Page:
Many people go to their doctors complaining of back pain, and very few will require referral to secondary care. However, if neurological signs and bowel and/or bladder symptoms are also present, this may indicate a more serious condition requiring urgent medical attention: cauda equine syndrome. An injury to the cauda equine – the collection of nerves at the bottom of the spinal cord that resemble a horse’s tail – can have disastrous consequences for the sufferer.
What is Cauda Equina Syndrome?
Cauda Equina Syndrome (CES) is a neurological condition as well as a spinal cord injury. Sometimes initially referred to as a slipped disc, CES occurs when the nerves at the end of the spinal cord become compressed. Depending upon the severity of the compression and where it has occurred, CES can cause a number of injuries, including:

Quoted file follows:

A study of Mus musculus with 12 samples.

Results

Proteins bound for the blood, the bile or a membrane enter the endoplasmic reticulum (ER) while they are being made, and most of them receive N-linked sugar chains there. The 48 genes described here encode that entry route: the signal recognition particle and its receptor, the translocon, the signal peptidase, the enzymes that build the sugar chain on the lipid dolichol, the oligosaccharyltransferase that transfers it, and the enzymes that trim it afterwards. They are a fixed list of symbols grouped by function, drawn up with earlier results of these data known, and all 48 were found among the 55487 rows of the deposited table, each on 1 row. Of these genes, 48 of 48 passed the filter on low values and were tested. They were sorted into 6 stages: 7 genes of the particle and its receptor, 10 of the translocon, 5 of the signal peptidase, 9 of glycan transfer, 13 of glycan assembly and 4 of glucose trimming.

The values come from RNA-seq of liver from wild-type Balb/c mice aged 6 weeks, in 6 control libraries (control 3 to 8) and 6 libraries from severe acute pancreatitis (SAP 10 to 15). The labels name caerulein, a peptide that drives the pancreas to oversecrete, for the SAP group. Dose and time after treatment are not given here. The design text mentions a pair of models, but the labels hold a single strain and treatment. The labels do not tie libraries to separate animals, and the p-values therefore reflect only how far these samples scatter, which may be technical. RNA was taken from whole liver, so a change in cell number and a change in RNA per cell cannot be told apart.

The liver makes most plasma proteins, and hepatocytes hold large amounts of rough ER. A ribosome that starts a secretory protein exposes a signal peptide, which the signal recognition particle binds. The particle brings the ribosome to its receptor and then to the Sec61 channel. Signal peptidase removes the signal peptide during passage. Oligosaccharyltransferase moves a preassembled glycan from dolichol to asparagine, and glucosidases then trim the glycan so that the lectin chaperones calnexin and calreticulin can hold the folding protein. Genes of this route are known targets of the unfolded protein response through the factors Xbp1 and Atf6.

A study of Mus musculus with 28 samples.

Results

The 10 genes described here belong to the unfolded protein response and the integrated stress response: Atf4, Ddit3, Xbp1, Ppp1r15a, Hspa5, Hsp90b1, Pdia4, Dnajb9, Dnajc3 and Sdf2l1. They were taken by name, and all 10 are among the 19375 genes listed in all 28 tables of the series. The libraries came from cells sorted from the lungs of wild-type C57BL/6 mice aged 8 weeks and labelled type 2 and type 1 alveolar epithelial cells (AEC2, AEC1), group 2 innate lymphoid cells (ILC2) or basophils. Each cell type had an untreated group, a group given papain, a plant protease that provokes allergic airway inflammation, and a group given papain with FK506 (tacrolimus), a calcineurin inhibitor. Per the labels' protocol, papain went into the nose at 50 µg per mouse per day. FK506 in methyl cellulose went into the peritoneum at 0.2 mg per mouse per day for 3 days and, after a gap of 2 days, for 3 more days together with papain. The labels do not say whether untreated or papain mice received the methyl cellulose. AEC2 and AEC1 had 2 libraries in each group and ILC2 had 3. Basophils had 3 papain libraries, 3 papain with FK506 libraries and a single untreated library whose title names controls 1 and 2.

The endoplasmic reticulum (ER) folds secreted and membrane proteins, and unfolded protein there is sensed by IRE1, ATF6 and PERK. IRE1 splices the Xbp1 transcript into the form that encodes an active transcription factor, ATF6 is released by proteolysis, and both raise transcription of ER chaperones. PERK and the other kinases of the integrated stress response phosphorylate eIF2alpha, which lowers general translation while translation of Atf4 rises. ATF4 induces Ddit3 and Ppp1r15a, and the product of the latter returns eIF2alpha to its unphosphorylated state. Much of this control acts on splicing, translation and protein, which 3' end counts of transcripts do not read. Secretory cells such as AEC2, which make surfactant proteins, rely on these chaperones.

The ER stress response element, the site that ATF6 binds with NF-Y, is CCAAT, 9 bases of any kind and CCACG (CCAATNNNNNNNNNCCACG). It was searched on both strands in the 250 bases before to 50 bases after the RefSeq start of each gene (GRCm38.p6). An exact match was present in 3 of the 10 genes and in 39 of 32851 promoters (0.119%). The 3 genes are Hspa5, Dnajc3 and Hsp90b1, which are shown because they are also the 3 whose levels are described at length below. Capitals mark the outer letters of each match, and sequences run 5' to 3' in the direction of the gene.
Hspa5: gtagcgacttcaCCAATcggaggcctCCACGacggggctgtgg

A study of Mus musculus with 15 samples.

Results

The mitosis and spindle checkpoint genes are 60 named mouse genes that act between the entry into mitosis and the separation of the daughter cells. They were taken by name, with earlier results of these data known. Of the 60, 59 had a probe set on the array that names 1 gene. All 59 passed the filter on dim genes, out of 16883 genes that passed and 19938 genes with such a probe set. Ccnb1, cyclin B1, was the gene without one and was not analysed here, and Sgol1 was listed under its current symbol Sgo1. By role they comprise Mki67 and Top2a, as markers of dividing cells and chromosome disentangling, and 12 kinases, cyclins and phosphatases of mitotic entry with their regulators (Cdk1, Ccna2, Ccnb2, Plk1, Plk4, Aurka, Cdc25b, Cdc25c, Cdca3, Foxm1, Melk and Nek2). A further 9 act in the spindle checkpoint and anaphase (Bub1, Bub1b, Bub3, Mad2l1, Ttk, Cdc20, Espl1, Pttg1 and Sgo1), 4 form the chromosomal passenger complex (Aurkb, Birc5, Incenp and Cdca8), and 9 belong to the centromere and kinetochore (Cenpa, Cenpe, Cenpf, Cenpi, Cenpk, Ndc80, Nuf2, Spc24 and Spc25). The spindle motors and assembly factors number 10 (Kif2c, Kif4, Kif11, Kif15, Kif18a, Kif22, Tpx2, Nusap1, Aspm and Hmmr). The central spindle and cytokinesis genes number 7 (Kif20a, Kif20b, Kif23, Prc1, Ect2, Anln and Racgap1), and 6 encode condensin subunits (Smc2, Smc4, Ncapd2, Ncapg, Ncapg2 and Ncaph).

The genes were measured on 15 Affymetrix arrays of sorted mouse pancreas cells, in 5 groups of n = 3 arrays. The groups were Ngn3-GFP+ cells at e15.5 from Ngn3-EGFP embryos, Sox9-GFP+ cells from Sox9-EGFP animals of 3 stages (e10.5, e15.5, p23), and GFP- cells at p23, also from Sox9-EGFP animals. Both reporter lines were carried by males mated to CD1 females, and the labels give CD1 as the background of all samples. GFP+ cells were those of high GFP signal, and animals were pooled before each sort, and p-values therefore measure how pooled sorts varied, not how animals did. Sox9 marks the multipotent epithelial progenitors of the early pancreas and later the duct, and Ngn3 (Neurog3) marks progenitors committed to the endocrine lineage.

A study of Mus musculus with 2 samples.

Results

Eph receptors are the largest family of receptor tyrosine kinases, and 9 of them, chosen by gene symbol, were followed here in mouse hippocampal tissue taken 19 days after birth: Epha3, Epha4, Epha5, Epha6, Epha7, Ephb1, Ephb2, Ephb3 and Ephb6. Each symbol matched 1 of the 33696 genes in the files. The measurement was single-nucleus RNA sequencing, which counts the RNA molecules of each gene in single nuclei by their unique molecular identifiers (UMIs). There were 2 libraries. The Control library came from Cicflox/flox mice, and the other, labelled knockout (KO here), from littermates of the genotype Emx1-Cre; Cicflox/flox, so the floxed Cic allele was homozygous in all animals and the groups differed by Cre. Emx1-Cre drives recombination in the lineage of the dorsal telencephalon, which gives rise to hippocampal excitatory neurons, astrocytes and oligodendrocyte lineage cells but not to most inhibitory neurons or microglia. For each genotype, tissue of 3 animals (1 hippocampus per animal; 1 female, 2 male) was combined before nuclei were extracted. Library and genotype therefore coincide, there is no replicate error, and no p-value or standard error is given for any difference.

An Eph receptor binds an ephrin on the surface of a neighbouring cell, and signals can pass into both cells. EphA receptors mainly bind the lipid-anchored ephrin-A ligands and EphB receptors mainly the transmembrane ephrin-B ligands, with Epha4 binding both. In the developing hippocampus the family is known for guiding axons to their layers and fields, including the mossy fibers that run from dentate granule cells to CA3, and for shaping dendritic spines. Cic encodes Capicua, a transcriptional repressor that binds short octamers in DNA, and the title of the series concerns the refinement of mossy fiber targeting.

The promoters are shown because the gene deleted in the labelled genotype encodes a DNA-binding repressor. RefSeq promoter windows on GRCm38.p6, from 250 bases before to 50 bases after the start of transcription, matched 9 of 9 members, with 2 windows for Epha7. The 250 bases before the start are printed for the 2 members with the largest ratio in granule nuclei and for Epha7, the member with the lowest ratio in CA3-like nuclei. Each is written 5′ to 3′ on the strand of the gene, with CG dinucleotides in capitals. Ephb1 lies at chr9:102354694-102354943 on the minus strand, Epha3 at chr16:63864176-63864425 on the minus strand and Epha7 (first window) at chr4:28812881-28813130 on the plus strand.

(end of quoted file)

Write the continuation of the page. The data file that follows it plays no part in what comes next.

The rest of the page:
- Lower back pain
- Loss of feeling to genitals and buttocks
- Bladder and/or bowel dysfunction
- Loss of use of lower limbs
CES usually begins with lower back pain, followed by numbness or pins and needles in the lower and or buttocks, leg weakness, and difficulty with bladder and/or bowel control. Patients suffering from CES are typically treated with decompression surgery as soon as possible to reduce the chances of lifelong injuries.
Legal Claims Involving CES
CES claims are usually brought against hospitals, but general practitioners or physiotherapists can also be held liable because of the way the condition progresses. Because early symptoms are not usually severe, patients may seek treatment from their general practitioner, who will refer them to a hospital for treatment if CES is suspected. But if there is a delay in diagnosis and treatment of CES and nerve damage occurs, a legal claim for financial compensation may be made, since CES can progress very quickly and every minute matters.